Last Updated March 4, 2021 4:57 PM
Joseph Young
Last Updated March 4, 2021 4:57 PM

The Ethereum network, which is valued at around $31.8 billion at the time of writing, is struggling to deal with scaling issues despite its lack of actual user base.

Over the past few months, Ethereum co-founder Vitalik Buterin emphasized that the vast majority of decentralized applications are either coded poorly or in a manner which unnecessarily bloats the size of smart contracts.

More importantly, he explained that the rapid increase in the average fee of Ethereum transactions is a direct result of the explosive growth of the ICO market. For instance, an investor in the BAT ICO included a $2,220 transaction fee in order to secure his investment in the project. Hence, Buterin noted  that the average transaction fee is not an accurate measure to describe the scaling issues Ethereum is struggling with.

However, a new debate in regard to the scalability issues of Ethereum sparked after the controversial statement of FarmVille co-creator Sizhao Yang in which he stated that Ethereum transaction fees are much lower and the network itself is much more flexible than bitcoin. Yang emphasized that while bitcoin is facing a serious scalability issue, Ethereum network is prospering with appropriate scaling.

Yang’s statement in regard to the scalability of Ethereum is evidently non factual as various bitcoin trading platforms and digital asset exchanges including BTC-E and Coinbase halted trading due to the unstable operations of the Ethereum network.

On June 20, major cryptocurrency trading platform BTC-E issued the following statement:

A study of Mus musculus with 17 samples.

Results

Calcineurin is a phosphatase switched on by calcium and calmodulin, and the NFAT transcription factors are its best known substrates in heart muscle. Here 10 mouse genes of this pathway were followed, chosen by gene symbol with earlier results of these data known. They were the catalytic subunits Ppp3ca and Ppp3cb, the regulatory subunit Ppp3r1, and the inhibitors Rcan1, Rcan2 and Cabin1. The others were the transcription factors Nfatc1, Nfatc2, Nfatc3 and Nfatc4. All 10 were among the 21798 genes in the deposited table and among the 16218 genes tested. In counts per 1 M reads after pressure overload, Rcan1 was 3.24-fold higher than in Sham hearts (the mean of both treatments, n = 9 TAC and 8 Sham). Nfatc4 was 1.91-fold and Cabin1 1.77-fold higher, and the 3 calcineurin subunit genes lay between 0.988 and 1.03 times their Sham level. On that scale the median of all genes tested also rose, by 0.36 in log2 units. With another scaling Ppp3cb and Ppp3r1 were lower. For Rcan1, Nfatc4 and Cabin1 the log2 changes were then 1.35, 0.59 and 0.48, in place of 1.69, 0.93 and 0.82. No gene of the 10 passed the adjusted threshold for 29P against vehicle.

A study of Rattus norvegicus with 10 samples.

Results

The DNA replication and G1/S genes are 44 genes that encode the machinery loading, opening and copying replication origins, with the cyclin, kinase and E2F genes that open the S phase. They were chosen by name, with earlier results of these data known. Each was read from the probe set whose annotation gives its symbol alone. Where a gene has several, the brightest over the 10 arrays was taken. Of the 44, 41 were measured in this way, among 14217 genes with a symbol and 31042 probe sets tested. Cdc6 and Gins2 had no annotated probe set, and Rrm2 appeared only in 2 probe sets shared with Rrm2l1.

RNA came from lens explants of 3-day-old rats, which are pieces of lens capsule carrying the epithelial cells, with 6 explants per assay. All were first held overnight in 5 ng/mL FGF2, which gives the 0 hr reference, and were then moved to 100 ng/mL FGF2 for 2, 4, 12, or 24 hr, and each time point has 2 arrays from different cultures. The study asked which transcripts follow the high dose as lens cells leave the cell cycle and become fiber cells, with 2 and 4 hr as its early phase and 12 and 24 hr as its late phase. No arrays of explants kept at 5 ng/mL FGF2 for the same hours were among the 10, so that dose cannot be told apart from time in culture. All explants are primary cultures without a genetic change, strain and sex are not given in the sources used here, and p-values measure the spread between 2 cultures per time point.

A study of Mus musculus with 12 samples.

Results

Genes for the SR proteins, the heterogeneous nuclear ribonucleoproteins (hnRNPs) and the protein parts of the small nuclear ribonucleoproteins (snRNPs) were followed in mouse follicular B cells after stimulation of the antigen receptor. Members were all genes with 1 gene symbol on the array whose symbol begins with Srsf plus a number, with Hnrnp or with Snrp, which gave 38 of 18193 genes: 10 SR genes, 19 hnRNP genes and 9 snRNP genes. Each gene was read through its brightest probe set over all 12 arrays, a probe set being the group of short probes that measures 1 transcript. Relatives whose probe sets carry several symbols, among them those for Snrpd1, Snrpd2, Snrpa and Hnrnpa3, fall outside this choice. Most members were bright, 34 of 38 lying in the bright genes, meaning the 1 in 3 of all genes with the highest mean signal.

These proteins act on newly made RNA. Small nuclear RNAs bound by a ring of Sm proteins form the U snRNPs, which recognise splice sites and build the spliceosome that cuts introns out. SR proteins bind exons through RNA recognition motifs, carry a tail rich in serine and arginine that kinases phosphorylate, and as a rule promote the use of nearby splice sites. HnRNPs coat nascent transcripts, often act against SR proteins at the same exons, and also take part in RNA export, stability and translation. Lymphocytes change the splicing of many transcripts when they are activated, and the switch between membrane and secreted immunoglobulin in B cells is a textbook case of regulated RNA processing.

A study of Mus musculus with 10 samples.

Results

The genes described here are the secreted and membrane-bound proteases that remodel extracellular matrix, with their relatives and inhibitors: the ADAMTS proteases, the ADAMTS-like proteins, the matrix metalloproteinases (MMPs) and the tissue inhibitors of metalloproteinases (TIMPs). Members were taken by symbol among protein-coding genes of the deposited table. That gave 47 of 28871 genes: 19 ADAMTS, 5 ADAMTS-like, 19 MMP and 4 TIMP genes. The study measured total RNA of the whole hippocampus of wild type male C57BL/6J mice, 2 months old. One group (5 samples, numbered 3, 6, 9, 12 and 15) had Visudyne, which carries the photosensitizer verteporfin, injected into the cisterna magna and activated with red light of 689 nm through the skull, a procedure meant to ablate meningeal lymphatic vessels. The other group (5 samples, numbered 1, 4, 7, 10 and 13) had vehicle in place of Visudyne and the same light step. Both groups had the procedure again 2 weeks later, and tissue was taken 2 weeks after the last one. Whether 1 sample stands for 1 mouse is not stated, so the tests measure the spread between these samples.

“More Due to the unstable operation of the Ethereum network due to the network load, the ETH withdrawals is temporarily unavailable.”

Jameson Lopp, engineer at BitGo, revealed that apart from the average fee statistic, Ethereum’s scaling issue is demonstrated with the growth of its blockchain size. Despite lacking actual decentralized applications and ICO projects with actual user base, Ethereum’s blockchain size surpassed that of bitcoin’s, exceeding 200 gigabytes.

It is important to consider the fact that the Ethereum network still does not have commercially successful or widely utilized applications because if the network starts to see a spike of actual active users, current scaling issues will worsen.

There are certain investors and analysts that claim Ethereum is being utilized as a currency. However, Ethereum’s token Ether was designed to act as gas or fuel to power decentralized applications. Thus, unlike bitcoin or Ethereum Classic, it has an inflationary monetary supply rather than a fixed supply. Investors in Ethereum can consider Ethereum as a store of value but in reality, a very small portion of its users are utilizing Ethereum as a digital currency or store of value on a daily basis.

Peter Todd, a Bitcoin Core developer, criticized Gavin Andressen for his statement which read:

“Ethereum has 80% of BTC volume and is scaling with little drama. BTC’s scaling ‘problem’ is due to a few ‘we know what’s best’ developers.”

In response, Todd explained, “Meanwhile, today multiple exchanges are halting trading due to Ethereum’s failure to scale.”

Tuur Demeester, a bitcoin trader, investor and analyst, noted that the implementation of a proof-of-stake (PoS) protocol and sharding could in theory scale the Ethereum network proportionally. However, he explained that Raiden doesn’t seem to be a smart contract scaling solution, which is crucial and necessary for Ethereum.

To Ethereum’s credit, the network targets a more complex problem than bitcoin’s value transfer. It prioritizes flexibility and the development of smart contracts to ensure decentralized applications are provided with an infrastructure they need to operate autonomously.

However, realistically, Ethereum still doesn’t have an actual user base and decentralized applications on top of Ethereum also do not have large regular user bases.

Disclaimer: The views expressed in the article are solely that of the author and do not represent those of, nor should they be attributed to CCN.com.